Teams of lawyers and boxes of toothpicks are the new tools of lobbyists’ trade



Here’s an interesting question causing much hand-wringing as the Republican and Democratic political conventions near: How much food can a lobbyist feed a member of Congress on the end of a toothpick and not violate new ethics rules that ban free meals?

Answer: A cheese quesadilla is OK, maybe. Add chicken or beef and you’re out of bounds.

What about sliders — those mini-hamburgers that go great with beer? Are they acceptable or must they be cut in half?

An army of attorneys is trying to answer those questions, one lobbyist said Wednesday.

It’s not a small issue. No fewer than 400 events (and counting) are being planned for next week when the Democrats are in Denver and, a week later, when the Republicans arrive in St. Paul, Minn.

Jennifer Lopez is expected to host one. The Black Eyed Peas will perform in Denver, Sammy Hagar in St. Paul. Conventiongoers can listen to jazz, see films and go to dozens of cocktail receptions thematically set to issues facing the country.

As the schedule shows, aside from televised speeches, political conventions these days are devoted less to the serious business of nominating candidates for president and more to giant forums for socializing and lobbying — and partying.

When Senate Majority Leader Harry Reid was asked recently what he would be doing at the convention, he deadpanned he would be getting drunk every day. It was a joke. The senator, a practicing Mormon, doesn’t drink.

But plenty of conventiongoers will enjoy four straight days of partying, and Americans may wonder who is picking up the tab.

Many events are being sponsored by corporations and advocacy groups — from military contractors to labor unions — that try to influence Congress on a host of issues.

This year’s conventions are the first, big off-the-Hill test of new ethics rules put in place when Democrats gained control of Congress after the 2006 election.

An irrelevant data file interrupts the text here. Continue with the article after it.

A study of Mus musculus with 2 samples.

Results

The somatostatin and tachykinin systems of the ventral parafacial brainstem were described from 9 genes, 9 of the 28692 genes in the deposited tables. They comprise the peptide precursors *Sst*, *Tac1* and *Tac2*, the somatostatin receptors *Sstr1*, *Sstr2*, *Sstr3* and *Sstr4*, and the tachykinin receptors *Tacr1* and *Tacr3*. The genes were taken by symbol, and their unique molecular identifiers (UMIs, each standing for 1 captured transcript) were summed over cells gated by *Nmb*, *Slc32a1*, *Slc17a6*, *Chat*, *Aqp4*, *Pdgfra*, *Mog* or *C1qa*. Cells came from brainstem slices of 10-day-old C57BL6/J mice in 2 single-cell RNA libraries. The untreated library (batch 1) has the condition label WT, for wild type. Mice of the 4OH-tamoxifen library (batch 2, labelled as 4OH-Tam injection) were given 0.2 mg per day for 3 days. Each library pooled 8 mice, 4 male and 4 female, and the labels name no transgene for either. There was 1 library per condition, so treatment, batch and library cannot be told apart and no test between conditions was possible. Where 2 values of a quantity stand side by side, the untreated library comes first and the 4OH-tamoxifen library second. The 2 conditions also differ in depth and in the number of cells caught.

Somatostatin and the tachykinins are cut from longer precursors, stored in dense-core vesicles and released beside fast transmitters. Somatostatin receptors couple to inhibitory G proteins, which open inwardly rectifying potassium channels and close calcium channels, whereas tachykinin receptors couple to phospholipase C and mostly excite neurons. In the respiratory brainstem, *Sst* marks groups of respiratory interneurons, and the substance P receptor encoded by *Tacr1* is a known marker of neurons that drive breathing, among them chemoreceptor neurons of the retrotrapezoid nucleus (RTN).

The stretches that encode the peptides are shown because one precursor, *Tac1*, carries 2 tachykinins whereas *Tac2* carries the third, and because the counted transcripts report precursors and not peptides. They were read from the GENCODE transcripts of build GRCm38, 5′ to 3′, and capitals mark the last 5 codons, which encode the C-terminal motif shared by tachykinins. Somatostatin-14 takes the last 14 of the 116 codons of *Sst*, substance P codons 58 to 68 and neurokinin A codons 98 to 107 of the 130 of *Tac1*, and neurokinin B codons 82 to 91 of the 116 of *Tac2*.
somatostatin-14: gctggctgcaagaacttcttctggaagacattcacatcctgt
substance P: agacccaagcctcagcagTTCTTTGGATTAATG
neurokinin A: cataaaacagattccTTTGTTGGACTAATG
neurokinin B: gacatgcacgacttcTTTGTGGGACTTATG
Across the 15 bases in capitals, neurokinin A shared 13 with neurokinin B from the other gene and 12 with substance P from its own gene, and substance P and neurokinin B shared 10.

Democrats vowed to “drain the swamp” when they rose to power. Gone are the lavish sit-down dinners sponsored by special interests that filled the off-time during the 2004 convention.

In their place emerged the toothpick rule: Hosts can serve no more than finger food, essentially snacks that fit on a toothpick.

The Star-Tribune in Minneapolis reported on the dilemma party planners faced over the quesadilla question. A lawyer cautioned them to stick with cheese. The paper said the group finally opted for calamari.

Craig Holman, lobbyist for Public Citizen, a good-government group that has fought to tighten rules on lobbyists, says the distinction may sound silly but it’s important. Less schmoozing can occur over a cocktail wiener than a five-course meal.

Yet others say Washington still has a long way to go to detangle itself from the cozy relationship between lawmakers and those seeking their attention.

Nancy Watzman heads up the Sunlight Foundation’s Party Time Project, which is tracking convention events. The group intercepted and posted online the 21-page list of convention parties compiled by a Washington lobby shop — 16 pages for the Democrats, five for the Republicans, perhaps a sign of which party is in better spirits. She will try to crash events to see just how exclusive they are.

Watzman says she’s not against letting lawmakers have a good time, “but it shouldn’t be with just these insiders.”

“I’m not invited to those receptions. You’re not invited to those receptions.”

Well, in fact, reporters are invited to some soirees, although hosts can seem nervous about allowing the press into these well-lubricated events. As one host said to a certain reporter this week: Please come, but the entire thing is off the record. Even the fact that we hold the event is off the record.

In other words, the event will never have happened.

Next question for the attorneys: Is it OK to feed members of Congress at events that never happen?